Google Voice Blocking Fewer Lines to Quell FCC Concerns

By Clint Boulton  |  Posted 2009-10-29

Google Voice is now blocking calls to less than 100 numbers it believes are adult chat lines or free conference call services looking to exploit traffic-pumping schemes, Google told the Federal Communications Commission in a letter Oct. 28.

Google Voice is the search engine company's free phone management service, which lets users ring home, work and cell phones through one number.

In traffic-pumping ploys, local carriers charge high fees for connecting adult chat and free conference call numbers, which absorb a lot of traffic. AT&T and other carriers have blocked those calls in the past, but common carrier regulations now prevent phone companies from blocking those calls.

Google said it created a "tailored solution" for restricting calls to fewer than 100 numbers it has "good reason to believe are engaged in traffic pumping schemes." Richard Whitt, Google's Washington telecom and media counsel, wrote in a blog post:

"We went to work on this fix because earlier this year, we noticed an extremely high number of calls were being made to an extremely small number of destinations. In fact, the top 10 telephone prefixes-the area code plus the first three digits of a seven-digit number, e.g., 555-555-XXXX-generated more than 160 times the expected traffic volumes, and accounted for a whopping 26 percent of our monthly connection costs."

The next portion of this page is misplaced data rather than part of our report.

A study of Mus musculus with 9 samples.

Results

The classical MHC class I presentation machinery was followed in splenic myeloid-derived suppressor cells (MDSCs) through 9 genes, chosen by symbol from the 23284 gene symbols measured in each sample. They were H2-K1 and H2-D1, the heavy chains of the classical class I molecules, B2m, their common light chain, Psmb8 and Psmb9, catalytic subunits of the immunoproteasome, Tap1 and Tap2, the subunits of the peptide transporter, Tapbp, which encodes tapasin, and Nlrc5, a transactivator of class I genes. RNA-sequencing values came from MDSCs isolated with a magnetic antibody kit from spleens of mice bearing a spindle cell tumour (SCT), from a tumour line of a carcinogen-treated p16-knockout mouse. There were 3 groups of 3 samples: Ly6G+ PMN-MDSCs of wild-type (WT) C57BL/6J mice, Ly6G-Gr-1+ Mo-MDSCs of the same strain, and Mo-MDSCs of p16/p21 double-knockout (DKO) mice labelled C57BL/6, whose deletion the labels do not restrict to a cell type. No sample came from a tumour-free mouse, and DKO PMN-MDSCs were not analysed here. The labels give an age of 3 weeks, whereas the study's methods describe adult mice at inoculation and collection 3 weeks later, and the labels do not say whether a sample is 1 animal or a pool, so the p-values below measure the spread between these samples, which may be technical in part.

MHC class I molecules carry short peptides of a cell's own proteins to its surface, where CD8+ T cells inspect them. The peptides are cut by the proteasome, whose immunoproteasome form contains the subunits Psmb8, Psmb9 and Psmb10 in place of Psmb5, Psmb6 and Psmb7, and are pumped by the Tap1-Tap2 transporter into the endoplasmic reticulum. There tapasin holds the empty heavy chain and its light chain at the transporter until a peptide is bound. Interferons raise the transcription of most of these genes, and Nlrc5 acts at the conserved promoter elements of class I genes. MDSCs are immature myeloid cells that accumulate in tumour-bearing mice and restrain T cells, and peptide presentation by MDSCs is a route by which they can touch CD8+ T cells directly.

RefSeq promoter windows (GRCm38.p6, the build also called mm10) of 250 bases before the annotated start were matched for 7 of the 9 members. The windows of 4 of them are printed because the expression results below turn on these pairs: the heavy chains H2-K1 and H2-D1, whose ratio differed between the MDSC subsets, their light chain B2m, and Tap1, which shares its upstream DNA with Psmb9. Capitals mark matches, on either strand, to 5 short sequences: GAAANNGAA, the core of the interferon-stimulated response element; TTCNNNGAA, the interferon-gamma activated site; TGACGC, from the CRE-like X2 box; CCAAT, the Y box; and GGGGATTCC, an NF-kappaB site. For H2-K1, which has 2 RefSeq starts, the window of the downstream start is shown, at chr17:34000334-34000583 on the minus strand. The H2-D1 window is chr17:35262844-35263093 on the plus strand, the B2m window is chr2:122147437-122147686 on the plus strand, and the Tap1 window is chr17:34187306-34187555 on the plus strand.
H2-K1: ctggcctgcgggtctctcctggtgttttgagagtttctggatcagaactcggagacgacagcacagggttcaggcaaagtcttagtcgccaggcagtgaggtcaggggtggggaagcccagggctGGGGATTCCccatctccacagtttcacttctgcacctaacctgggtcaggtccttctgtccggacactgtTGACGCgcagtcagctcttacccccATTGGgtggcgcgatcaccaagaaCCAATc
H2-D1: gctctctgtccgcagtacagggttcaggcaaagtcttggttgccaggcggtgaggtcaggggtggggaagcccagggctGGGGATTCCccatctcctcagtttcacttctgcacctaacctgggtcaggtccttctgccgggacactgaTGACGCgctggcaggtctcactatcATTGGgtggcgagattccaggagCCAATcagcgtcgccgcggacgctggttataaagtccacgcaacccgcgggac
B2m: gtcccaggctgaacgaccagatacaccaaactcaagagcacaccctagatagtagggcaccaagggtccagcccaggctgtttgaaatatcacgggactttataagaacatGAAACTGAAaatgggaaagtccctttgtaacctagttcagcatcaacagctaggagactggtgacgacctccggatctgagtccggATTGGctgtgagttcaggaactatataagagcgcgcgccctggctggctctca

Whitt further said in his letter to the FCC that Google's own carriers would assess Google Voice up to 39 cents per minute for some of this interstate traffic, an exorbitant rate by any measure.

The question remains whether this will satisfy the FCC and quell the grousing from Google's new telecom nemesis AT&T, which in September accused the Google Voice service of blocking calls to certain rural areas and asked the FCC to look into whether Google was violating network neutrality rules.

The FCC earlier this month sent Google a list of questions about the service to gather more information. Google's letter is its response to the FCC, which is reviewing it.

Google has argued that because it is a free Web application that doesn't connect calls from one endpoint to the another that it should not be subject to the same common carrier regulations that mandate consumer calls must be connected. The tailored solution is a concession, but Google also wants carrier compensation reform. Whitt wrote:

"While we've developed a fix to address this problem, the bottom line is that we still believe the Commission needs to repair our nation's broken carrier compensation system. The current system simply does not serve consumers well and these types of schemes point up the pressing need for reform."

Google's skirmish with AT&T goes deeper than call-blocking squabbles. Google approves of FCC Chairman Julius Genachowski's new network neutrality plans, while AT&T and others are fearful the government is providing too much latitude for Google and other Internet companies.  

Meanwhile, Google's letter to the FCC is an exhausting explanation of how Google Voice works. Web application buffs will find interesting.